Like the Macbeths themselves, the audience are held captive to the horrors of the couple’s murderous endeavours. With suffocating intensity, we are drawn into the private conversations of Macbeth (Lucianne McEvoy) and Lady Macbeth (Charlene Boyd) as together they scheme, suffer their guilt, and gradually slip into madness. Director Dominic Hill’s choice to use a simple bedroom setting is so closely intimate that the audience feels they are eavesdropping upon something forbidden. It is uncomfortable and challenging to watch, but the effect does ultimately work!
With growing intensity, the production becomes an assault on the audience’s senses and emotional capacity; a blaring voice over an amplifier, harsh flickering lights, and enough blood to make your stomach churn. Stereotypically, (but faithfully to Shakespeare’s script) blood is used to symbolise guilt. ‘Blood will have blood’ is indisputably a major key theme. As the Macbeths become further embroiled, the bedsheets onstage become increasingly bloodied.
McEvoy’s portrayal of Macbeth is faultless. She brings vulnerability, power and passion to her role. Her commanding voice is captivating to listen to; her monologues are engrossing and require very little embellishment with soundtracks, lighting changes or choreography. Occasionally, an unnecessary tension-building soundtrack is used to fill silences. This silence was held emphatically, maintaining the audience’s attention fully and not allowing the performance to drag. Playing Macbeth female neither added nor took away from the chemistry between the couple. It was clear that the actresses had carefully considered the dynamics of their roles, knowing one another’s every move and responding to one another in spontaneously exciting, yet natural ways.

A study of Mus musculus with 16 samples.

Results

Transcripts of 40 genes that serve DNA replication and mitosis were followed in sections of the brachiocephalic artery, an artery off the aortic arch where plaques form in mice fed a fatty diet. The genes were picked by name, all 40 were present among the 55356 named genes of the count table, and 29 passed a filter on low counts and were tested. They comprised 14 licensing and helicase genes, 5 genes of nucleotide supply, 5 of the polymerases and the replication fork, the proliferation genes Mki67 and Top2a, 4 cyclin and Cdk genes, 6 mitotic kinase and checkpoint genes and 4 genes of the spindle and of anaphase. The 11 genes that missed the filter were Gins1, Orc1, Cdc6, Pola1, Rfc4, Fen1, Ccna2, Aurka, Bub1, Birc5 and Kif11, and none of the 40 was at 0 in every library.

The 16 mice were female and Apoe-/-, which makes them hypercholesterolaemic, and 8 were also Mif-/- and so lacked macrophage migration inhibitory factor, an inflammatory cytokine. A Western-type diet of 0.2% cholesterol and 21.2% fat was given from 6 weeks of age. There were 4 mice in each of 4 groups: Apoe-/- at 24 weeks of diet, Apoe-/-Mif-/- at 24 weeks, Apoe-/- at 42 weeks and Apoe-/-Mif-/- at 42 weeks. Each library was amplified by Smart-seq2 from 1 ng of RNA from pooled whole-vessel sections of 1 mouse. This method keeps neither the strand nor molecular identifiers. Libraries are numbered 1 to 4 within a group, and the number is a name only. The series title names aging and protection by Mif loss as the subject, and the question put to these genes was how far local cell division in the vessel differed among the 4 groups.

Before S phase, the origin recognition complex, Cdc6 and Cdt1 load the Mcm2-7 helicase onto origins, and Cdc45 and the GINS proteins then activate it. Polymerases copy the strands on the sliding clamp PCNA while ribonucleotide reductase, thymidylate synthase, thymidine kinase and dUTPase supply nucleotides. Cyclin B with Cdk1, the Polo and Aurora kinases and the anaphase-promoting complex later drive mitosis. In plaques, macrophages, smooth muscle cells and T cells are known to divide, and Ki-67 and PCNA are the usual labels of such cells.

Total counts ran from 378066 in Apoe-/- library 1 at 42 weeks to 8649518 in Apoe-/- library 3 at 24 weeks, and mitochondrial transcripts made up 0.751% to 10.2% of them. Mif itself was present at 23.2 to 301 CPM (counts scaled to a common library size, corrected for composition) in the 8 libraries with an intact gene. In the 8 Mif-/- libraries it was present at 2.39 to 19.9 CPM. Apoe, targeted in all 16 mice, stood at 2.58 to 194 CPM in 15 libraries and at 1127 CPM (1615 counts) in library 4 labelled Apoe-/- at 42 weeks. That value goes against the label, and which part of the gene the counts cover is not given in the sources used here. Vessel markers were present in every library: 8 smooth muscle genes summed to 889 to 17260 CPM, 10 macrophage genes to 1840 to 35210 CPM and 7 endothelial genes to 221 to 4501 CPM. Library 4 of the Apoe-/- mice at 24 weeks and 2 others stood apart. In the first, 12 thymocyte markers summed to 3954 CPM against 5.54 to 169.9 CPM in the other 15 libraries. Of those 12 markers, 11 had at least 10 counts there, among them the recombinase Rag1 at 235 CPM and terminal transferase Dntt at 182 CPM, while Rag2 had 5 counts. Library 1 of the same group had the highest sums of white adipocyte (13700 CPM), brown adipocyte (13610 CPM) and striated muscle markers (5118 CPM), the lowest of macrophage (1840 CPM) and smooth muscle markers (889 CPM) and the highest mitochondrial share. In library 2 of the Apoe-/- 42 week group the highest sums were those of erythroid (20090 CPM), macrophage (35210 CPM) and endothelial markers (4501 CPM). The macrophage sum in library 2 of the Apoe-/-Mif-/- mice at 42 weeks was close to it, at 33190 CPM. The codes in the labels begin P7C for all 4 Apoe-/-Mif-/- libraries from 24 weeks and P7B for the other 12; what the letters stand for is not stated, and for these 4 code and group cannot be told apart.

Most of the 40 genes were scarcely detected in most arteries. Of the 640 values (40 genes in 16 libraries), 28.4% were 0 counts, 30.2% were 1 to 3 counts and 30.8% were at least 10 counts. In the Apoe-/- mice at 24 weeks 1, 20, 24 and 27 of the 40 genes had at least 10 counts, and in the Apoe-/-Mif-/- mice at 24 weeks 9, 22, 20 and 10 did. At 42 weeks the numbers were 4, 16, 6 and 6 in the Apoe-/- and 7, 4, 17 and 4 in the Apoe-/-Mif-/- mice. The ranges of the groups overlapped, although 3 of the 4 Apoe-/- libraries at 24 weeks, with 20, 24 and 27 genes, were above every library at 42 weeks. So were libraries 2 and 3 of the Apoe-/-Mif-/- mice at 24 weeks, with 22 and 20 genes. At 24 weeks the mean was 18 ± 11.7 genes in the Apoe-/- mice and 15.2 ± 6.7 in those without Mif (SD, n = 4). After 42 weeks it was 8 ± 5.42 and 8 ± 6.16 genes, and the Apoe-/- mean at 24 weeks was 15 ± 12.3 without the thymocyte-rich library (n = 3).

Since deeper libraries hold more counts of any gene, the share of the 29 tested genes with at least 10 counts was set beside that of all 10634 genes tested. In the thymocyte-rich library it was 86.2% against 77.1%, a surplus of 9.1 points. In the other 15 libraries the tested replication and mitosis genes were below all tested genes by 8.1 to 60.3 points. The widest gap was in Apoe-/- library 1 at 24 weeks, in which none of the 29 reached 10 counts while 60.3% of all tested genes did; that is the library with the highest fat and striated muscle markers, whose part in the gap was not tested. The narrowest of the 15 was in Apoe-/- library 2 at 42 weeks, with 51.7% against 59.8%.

The text itself is cleverly edited to relate a coherent narrative, but is stripped of all moments of relief, leaving only the most impactful passages. At times, the production is forced to find an alternative means of filling in the gaps of omitted characters or scenes. This is largely achieved using an old-fashioned tape-recorder to deliver the haunting witch’s prophecies and taunt Macbeth with recordings of his murders. Like most production aspects of ‘The Macbeths’, it is simple and effective up to a point, where we long for a new creative solution.
This play is not for the fainthearted. Twisted and merciless, Hill presents a brave dissection of one of Shakespeare’s most fearful partnerships.